One of the most important attributes to acquire in life is that of respect. I am sure we all know the true meaning of the word respect. It means to honor others, to show polite regard and consideration, and to be courteous. As adults we learn from experience that we will do much better in life - in our jobs, in our families, with our friends, in sports teams and in society in general - when we are considerate and polite to others.

We teach our kids what respect looks like at home. It means we speak kindly to each other, we take turns, we share chores and we do kind things for others just to show we care for them. We use quiet voices inside the house so we do not annoy others.

Not only do we need to respect others, but we also need to show consideration for their stuff. This means we look after things we borrow and give them back promptly. If we damage another person’s property then we fix it or pay for its replacement. We must also look after our own stuff. It costs money to buy toys, bicycles, Ipads and the like and it is respectful to parents for us to look after the gifts they give us.

When we are disrespectful there should be consequences. This is how we learn that positive actions create mutual respect between people. Disregard for others or their stuff creates animosity and ultimately distrust. There may come a time when friendships are lost, jobs terminated or gifts confiscated. Kids need to understand and experience the consequences of disrespect.

We should require respect from our children, but perhaps we forget that we have equal responsibility to be respectful to them. Respect is earned. Sure, it is our responsibility to teach our kids to honor us as well as all authority figures, but that honor will not be truly learned until we demonstrate it in all aspects of our own lives.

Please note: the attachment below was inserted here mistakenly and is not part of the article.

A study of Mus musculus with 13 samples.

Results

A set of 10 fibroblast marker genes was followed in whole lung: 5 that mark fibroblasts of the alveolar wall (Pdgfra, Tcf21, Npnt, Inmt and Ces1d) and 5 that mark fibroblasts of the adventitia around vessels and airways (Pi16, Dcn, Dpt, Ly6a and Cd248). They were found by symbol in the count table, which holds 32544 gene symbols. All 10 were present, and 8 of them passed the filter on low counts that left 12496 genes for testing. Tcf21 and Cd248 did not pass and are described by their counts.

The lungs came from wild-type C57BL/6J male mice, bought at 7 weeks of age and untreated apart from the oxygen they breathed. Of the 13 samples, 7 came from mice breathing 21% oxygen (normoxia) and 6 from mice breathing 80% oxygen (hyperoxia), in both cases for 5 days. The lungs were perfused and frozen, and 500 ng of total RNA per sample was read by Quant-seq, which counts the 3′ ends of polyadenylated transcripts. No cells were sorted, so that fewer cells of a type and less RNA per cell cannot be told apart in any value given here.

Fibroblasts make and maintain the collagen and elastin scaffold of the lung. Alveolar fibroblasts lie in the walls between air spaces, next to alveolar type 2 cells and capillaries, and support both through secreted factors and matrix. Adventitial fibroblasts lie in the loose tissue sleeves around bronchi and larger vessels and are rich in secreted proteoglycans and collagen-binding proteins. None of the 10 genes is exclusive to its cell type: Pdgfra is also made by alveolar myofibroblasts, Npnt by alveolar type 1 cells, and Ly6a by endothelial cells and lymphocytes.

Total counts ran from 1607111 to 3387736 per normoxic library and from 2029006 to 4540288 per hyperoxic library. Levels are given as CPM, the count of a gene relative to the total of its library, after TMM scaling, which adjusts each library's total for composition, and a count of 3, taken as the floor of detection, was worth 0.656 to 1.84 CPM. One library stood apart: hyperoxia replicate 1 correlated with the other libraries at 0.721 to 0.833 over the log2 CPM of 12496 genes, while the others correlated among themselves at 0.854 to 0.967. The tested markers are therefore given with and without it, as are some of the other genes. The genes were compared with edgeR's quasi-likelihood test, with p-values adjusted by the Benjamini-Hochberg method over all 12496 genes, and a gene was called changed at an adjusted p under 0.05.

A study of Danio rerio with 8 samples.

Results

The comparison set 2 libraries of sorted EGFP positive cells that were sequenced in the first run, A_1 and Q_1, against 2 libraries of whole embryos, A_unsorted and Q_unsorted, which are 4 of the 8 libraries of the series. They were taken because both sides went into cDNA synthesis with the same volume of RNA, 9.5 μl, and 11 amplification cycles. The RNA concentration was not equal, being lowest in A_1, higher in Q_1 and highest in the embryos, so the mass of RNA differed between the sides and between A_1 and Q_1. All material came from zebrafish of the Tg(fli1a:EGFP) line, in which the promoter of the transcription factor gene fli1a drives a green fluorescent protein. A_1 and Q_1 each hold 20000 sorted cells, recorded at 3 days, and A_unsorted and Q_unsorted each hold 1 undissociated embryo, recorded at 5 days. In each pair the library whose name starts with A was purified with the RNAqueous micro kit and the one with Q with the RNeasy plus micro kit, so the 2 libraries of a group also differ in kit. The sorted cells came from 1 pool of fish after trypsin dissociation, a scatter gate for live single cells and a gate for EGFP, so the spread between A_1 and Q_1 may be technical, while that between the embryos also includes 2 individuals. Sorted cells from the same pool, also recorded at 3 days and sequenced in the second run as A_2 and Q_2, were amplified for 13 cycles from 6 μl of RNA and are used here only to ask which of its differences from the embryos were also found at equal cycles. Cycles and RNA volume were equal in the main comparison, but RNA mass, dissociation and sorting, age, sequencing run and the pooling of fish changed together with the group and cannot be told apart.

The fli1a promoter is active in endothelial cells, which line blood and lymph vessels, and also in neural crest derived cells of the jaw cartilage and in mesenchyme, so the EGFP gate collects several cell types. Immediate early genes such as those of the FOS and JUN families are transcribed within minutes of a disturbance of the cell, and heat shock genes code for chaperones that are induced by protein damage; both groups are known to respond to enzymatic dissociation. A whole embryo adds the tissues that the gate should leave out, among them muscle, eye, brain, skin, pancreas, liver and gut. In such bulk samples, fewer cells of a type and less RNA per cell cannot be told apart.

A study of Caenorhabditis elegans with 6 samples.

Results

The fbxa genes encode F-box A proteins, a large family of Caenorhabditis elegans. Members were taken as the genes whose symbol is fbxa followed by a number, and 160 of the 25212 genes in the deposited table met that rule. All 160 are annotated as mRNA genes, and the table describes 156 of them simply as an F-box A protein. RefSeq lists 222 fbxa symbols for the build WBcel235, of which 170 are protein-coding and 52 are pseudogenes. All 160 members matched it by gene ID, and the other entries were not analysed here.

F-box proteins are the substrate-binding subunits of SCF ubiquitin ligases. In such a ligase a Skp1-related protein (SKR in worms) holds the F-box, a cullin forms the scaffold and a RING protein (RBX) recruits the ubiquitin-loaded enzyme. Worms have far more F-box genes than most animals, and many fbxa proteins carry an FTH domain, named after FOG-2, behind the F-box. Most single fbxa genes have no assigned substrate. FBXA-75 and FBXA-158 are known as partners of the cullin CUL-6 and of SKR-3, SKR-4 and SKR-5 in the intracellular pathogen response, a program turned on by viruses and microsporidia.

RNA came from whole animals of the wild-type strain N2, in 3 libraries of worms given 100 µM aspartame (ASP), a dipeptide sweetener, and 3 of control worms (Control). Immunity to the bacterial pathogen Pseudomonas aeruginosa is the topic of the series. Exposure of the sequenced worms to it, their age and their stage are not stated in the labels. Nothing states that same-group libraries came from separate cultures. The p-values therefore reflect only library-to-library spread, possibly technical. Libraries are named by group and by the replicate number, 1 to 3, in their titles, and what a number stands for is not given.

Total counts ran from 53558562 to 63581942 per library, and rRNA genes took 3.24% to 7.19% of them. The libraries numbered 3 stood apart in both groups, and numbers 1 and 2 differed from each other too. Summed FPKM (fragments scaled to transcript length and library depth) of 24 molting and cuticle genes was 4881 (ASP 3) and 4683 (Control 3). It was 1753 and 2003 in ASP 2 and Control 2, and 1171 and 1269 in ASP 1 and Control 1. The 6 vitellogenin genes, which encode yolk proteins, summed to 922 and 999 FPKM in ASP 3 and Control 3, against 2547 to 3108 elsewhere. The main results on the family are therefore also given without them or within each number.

Our kids are carefully watching us. Only yesterday I was speaking to my daughter on the phone. Her three year old wanted her attention. I heard her explain to him that he must not interrupt Mommy while she is on the phone. She said, “If you want to talk to me when I am already talking to someone else, you must hold my hand and wait till I tell you it is your turn to talk to me.” She held up her finger as she said, “Wait.” A little while later my husband phoned and was enjoying a conversation with the same grandson when Mommy came up and started to say something to her little boy. He held up his finger! It was funny at the time, but it does illustrate the point that what is good for one person has to be good for the other, no matter what the age. Respect must be mutual.

I am not undermining parental authority. Parents are the managers of the home and the rules and expectations they create for their families should go without challenge, unless the difference of opinion is discussed kindly. There is no excuse for parents to be rude to one another or to their children. There has to be consistency or the value of respect will not stick.

As our kids become teens it is tempting to want to be their friend instead of their parent. They already have plenty of friends. They want you to be their mentor, their parent, their guardian and for you to guide them. It is mutual respect that will make the relationship between you strong. The key to whether you have a lifelong friendship with your kids is simply, mutual respect.

If you have any comments on this subject, we would be pleased to hear from you. Email us at sally@forefrontfamilies.org, and check out our website at www.forefrontfamilies.org and our blogsite at www.forefrontfamilies.blogspot.com

Or purchase our book ‘Kids don’t come with Manuals’ from our website.